Friday, April 2, 2010

TOS Crew Review -- Wiglington and Wenks

Kids often want something new to fill their free time. Moms want something productive to fill their free time. I thought I had found something that would satisfy both of those requirements in a program called Wiglington and Wenks.

Apparently this virtual world started as a book (see Media Freaks blog for more):
The Travels of Wiglington and Wenks was originally a children story book series by veteran businessman John Bittleston, later adapted into a virtual world for kids by creative entrepreneur Aldric Chang and Ngo Chee Yong.
I definitely saw great potential in this concept and website.


Product: Wiglington and Wenks
Details: A website that offers kids a place to search for historical figures while traveling the globe and learning about object, places and people of historical significance. Most of the site is free, but a membership is required to have full access and to enjoy some enhanced features. My kids played mostly on their free accounts although we did get a free membership account to use for a month.
Price: $5.99 each month with better rates for multiple months, up to $29.99 for six months

What we loved . . .
  • Lots to do. They boast the largest virtual world with over 100 different locations and lots of games, activities, house and islands to buy, and hidden objects to uncover. You can travel the world without leaving your computer chair.
  • Educational base. The idea is that kids search for historical figures that have lost their memory and then they find their lost objects to help restore their memory.
  • Great graphics. This is definitely a well put together website. The characters are endearing, the scenery is detailed and unique, and there is a lot going on visually.
  • Creative idea. I appreciate the idea behind W&W. Kids exploring the world to make connections between important people and related objects. They should be able to learn while having fun doing so.

Some considerations . . .

  • ***Caution required***. Kids have fairly free reign as far as what they say to other travelers in this virtual world. They can't type numbers (to help prevent them from typing ages, phone numbers and addresses), but they can write them out. Kids quickly learn how to work around the system. If profanity isn't allowed, they type in one letter at a time. Moderators roam the world as well trying to keep inappropriate activity to a minimum, but they definitely do not catch it all. And, many kids just get banned for a day when they do get reported. If they get blocked entirely there isn't much keeping them from starting a new account with a new name and email address. Because there is so much freedom in the chat and forum features I do not consider this a safe place for kids to hang out unsupervised for long periods of time.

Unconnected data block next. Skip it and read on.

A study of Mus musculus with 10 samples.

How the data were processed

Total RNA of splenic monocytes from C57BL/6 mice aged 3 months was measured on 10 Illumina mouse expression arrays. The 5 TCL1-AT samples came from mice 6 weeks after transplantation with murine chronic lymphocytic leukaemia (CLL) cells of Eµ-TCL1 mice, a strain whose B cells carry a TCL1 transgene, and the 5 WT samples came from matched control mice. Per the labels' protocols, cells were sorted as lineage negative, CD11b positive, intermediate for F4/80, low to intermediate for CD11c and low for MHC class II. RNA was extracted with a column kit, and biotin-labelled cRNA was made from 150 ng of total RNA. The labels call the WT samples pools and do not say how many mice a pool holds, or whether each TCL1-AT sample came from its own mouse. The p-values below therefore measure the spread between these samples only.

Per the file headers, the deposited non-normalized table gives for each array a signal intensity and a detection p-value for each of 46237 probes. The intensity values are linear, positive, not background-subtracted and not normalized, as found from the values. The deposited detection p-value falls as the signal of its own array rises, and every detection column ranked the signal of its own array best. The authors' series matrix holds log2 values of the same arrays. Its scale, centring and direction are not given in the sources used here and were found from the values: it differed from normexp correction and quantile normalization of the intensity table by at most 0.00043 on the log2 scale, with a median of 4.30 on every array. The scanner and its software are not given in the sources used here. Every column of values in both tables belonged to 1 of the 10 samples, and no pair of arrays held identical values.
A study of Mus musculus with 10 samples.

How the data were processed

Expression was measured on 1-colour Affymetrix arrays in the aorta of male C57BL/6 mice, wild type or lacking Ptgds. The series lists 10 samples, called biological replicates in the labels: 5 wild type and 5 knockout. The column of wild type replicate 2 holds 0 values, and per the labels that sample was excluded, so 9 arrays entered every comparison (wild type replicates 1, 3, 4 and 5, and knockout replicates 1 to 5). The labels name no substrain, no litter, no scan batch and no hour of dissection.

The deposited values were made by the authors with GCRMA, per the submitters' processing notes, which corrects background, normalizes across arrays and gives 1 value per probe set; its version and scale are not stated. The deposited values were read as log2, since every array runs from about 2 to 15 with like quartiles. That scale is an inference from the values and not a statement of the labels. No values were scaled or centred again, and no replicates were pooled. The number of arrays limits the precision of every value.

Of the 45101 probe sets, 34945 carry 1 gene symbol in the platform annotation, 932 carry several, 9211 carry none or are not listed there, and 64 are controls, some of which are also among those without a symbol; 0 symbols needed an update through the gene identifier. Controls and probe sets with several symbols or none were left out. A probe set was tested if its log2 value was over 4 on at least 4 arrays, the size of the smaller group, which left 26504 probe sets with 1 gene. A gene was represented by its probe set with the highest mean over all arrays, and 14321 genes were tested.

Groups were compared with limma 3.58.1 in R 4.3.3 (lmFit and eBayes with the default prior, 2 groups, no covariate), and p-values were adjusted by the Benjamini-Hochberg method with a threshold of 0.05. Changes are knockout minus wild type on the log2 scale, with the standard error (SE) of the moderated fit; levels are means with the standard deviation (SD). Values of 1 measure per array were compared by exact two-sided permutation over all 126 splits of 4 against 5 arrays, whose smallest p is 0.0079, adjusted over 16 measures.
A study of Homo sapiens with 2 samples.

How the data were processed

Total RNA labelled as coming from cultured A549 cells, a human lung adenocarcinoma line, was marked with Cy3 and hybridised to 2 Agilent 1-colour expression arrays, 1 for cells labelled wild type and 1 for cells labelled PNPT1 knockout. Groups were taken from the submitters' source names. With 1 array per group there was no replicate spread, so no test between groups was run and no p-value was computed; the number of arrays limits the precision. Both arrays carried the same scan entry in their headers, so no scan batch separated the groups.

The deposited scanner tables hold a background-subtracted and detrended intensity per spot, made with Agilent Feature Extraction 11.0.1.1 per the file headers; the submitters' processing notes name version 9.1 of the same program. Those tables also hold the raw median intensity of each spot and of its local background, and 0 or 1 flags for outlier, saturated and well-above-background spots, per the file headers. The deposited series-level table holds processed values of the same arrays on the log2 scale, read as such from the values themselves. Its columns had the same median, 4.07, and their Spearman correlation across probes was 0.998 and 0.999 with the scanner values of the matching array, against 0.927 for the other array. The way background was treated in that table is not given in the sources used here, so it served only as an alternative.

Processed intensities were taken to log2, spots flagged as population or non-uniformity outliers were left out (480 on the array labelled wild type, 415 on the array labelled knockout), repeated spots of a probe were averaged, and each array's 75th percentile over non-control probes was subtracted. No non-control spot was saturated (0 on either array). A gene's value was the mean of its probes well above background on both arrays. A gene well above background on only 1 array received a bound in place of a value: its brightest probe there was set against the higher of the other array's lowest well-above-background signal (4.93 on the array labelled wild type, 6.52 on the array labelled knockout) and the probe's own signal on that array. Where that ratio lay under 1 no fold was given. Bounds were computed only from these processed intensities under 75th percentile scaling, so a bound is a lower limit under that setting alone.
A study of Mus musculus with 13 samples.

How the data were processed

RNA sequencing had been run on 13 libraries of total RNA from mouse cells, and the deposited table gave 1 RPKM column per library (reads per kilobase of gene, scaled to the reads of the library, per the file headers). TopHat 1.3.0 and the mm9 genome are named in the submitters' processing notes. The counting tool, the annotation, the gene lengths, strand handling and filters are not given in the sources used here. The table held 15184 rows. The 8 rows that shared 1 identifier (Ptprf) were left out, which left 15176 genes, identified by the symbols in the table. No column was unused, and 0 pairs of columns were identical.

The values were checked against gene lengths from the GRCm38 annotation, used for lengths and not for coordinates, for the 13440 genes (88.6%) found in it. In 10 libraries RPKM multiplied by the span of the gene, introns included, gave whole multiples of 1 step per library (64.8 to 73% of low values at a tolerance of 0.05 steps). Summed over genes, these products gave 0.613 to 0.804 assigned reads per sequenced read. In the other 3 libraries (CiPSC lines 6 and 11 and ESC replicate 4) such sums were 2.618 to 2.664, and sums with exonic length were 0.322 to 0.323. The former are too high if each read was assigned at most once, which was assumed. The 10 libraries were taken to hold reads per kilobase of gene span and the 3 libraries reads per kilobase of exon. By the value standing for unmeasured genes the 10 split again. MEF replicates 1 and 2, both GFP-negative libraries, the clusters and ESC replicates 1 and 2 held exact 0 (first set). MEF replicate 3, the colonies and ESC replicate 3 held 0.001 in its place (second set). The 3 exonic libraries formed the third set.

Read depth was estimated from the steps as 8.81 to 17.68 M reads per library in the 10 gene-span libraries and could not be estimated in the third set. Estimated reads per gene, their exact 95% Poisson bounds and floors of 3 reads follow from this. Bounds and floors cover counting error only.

• Moderation is inconsistent. Now, I will say that they do try to keep a close eye on things. My son actually got banned one day. He was asking people to play water balloons and because he was repeating the question with capital letters, someone reported him as spamming and he was booted for 24 hours. Another time my daughter stepped away from her person for a couple minutes and my four year old started typing in gobbledygook. She also was then banned for 24 hours. I was glad they were trying, but I think they miss too much of the really serious stuff that goes on. Also, I reported a comment on a post in which another traveler said something about "slashing you up" and it is still there (last I checked, a few days after I reported it). They may have done something and reprimanded the individual, but the post still stands, so apparently they don't find that inappropriate and feel the need to remove it.
  • Questionable historical value. Some of the characters and objects that they choose don't rank high in my book as far as historically significant. I would rather see presidents, kings, queens, inventors, artists, authors, etc. Instead you have Buffalo Bill, Darwin, Gandhi, the Hunchback of Notre Dame, etc.
  • Lots of distractions. Most kids will probably spend lots of time "chatting" with other kids or playing games, and not really learning anything about the historical figures anyway. There is a lot of play available in comparison to the learning available.

I hope that the designers and managers of the program work out a way to make this program safer, because it does have a lot to offer, but I really cannot whole-heartedly encourage you to get a membership, or even a free account, as the program stands right now. It definitely has benefits, and has some great educational fun to offer, but the liability in doing so is not worth it currently.

For more TOS Crew reviews on this product, check out the TOS Crew blog.

Disclaimer: This web membership was provided to me free of charge through Wiglington and Wenks as part of my participation in The Old Schoolhouse Homeschool Crew. I received no additional compensation and the opinions expressed here come from my personal experiences and sincere thoughts.